It was assumed that DNA was entirely stable but research has shown this is not the case. DNA can be damaged and eroded over time, partly through the constant splitting and recombining during the growth process, and also partly by its environment. This damage can be fatal as it may lead to the development of cancer cells. All is not lost, however, as it seems certain proteins act as repair teams, tidying up errors in the DNA strands or, if this is not possible marking the cell for destruction before the cancer can grow. It is estimated these proteins catch 99.9 percent of these potentially lethal mistakes.

Through biochemical studies in the 1970s, Tomas Lindahl found that DNA strands were subjected to thousands of potentially damaging influences every day. He realized that, while most of these incidents proved harmless, DNA strands failed so frequently that the development of life should be impossible. This frightening thought led him to discover base excision repair, by which certain proteins, DNA repair enzymes, constantly replace damaged parts of DNA. For this he was awarded the 2015 Nobel Prize in chemistry, shared with Paul Modrich and Aziz Sancar for their related work which together has increased our understanding of how cells work, and the causes of cancer and ageing processes.

Lindahl studied at the Karolinska Institute in Stockholm which is the Medical School of Stockholm University. He gained his PhD in 1967 and MD in 1970. It was there that he first demonstrated that DNA was unstable and required constant maintenance. He performed postdoctoral research at Princeton and Rockefeller Universities in the US before returning to Sweden as Professor of Medical Chemistry at the University of Gothenburg in 1978. While there, Lindahl made some of the earliest and most important discoveries into how Epstein Barr virus DNA can cause cancer. At a conference he met virologist Beverly Griffin and returned with her to London where he joined the Imperial Cancer Research Fund, now Cancer Research UK, as a researcher in 1982. The couple remained together until Beverly's death in 2016.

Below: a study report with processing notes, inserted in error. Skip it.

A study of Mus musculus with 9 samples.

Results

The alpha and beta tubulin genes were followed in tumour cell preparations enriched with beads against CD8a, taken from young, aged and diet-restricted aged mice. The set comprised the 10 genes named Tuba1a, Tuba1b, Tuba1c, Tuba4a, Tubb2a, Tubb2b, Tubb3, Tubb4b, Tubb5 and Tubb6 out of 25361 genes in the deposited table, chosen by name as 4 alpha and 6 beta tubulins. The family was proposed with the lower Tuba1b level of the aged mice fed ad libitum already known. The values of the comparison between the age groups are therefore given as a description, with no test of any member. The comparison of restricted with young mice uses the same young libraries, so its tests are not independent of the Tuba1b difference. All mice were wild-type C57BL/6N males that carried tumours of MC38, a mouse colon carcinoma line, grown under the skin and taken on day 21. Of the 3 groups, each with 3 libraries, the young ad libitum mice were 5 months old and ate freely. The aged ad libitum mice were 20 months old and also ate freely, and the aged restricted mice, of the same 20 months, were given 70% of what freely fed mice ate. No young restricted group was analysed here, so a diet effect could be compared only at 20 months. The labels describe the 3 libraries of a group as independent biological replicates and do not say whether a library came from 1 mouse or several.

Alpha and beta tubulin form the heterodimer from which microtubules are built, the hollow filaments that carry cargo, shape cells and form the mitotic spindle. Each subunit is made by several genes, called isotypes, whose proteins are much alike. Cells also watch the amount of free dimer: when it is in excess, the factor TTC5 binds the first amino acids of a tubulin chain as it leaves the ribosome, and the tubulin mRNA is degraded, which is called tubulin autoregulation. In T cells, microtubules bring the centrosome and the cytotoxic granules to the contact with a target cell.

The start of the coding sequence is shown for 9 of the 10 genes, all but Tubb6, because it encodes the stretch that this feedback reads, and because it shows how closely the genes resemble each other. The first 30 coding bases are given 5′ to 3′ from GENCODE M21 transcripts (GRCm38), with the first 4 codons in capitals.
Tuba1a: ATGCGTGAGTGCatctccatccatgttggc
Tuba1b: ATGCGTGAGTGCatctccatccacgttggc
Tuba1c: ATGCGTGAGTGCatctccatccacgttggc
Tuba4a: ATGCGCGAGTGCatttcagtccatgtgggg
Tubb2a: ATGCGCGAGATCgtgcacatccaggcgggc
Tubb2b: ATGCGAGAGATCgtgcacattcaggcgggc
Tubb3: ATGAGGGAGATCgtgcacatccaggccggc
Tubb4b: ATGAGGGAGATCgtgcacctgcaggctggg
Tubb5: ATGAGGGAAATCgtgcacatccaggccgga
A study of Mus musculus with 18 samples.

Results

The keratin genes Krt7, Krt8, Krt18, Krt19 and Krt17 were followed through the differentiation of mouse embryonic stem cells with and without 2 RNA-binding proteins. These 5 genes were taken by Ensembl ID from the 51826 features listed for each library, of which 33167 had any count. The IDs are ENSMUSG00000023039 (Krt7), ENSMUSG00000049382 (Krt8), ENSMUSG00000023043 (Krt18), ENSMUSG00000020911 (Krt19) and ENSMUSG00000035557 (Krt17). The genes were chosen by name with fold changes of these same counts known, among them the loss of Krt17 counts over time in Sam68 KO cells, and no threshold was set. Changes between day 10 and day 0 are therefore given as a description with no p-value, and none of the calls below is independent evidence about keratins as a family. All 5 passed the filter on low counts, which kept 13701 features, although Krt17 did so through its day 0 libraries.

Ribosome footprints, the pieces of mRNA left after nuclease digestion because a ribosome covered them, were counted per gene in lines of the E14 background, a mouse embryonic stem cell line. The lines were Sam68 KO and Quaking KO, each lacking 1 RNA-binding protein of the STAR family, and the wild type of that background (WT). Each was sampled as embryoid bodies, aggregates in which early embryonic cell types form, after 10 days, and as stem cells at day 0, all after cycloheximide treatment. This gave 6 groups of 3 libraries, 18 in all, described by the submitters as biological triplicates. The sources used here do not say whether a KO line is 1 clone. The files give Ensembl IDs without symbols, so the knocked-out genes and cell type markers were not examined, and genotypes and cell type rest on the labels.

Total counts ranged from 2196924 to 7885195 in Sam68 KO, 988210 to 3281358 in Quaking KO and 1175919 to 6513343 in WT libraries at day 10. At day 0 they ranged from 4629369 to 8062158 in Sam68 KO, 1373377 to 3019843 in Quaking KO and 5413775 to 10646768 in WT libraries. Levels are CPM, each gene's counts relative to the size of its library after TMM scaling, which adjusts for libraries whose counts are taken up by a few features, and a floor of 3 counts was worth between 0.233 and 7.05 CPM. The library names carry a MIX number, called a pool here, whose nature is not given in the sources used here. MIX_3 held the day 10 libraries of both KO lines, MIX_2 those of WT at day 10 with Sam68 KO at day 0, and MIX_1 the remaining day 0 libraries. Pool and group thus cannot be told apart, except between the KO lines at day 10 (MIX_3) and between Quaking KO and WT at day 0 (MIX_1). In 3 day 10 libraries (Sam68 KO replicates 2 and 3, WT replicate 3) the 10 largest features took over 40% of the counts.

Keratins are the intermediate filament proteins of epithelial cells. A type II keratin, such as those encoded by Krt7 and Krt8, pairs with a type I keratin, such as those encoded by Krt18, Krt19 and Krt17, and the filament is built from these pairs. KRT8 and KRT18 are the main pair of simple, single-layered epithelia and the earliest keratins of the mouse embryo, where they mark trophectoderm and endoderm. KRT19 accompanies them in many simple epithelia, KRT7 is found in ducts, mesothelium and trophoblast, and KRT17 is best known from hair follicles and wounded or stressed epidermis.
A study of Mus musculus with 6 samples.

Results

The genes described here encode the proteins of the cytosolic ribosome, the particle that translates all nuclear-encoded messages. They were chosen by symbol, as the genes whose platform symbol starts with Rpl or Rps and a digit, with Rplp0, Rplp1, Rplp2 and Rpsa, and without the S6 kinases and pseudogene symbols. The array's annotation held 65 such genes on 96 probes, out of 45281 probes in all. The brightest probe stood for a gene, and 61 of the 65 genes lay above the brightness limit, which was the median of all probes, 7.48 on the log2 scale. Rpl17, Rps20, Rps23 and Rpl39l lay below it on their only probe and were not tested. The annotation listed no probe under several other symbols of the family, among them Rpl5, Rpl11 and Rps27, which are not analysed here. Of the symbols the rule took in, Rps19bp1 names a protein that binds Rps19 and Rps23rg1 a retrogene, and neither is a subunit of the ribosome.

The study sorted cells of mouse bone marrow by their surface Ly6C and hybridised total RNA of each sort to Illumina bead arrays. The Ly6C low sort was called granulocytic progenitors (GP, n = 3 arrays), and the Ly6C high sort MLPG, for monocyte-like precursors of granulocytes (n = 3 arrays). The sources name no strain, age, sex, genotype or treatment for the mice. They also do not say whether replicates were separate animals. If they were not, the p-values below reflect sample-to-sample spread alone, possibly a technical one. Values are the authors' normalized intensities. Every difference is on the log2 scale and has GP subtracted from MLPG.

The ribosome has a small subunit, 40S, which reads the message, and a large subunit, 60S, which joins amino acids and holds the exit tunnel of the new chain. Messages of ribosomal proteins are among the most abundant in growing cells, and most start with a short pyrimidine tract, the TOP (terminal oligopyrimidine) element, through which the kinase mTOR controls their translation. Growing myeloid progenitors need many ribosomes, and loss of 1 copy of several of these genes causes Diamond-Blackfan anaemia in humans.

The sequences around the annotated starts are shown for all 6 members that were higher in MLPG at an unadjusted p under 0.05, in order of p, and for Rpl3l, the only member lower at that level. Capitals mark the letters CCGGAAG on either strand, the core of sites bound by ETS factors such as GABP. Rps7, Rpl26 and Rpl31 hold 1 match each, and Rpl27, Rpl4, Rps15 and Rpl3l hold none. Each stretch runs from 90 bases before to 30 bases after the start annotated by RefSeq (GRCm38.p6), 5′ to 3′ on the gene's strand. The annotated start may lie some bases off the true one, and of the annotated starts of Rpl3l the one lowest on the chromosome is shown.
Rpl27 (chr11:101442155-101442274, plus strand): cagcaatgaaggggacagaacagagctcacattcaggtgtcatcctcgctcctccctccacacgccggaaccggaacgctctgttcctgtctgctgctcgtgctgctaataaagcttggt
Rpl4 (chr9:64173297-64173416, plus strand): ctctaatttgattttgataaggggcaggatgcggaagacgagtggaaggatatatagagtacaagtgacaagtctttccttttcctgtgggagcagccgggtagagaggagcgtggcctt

In 1986, Lindahl set up CRUK s Mutagenesis Research Laboratory at Clare Hall in Hertfordshire, saying he wanted to model the working atmosphere on his alma mater in Stockholm. He remained as Director until 2005, and continued his research for a further 4 years during which time he and his team characterised previously unknown DNA repair systems, providing greater understanding of the cells defence mechanisms.

Tomas Lindahl is a member of the Swedish and Norwegian Academies of Science, a Fellow of the UK Academy of Medical Sciences, and the Royal Society who awarded him the Royal Medal in 2007, and the prestigious Copley Medal in 2010. Moreover, Lindahl chairs the Scientific Advisory Board of IFOM, the Italian Research Institute for Molecular Oncology, and regularly visits IFOM in Milan in this context. In 2018, Lindahl was appointed a Foreign Associate of the US National Academy of Sciences.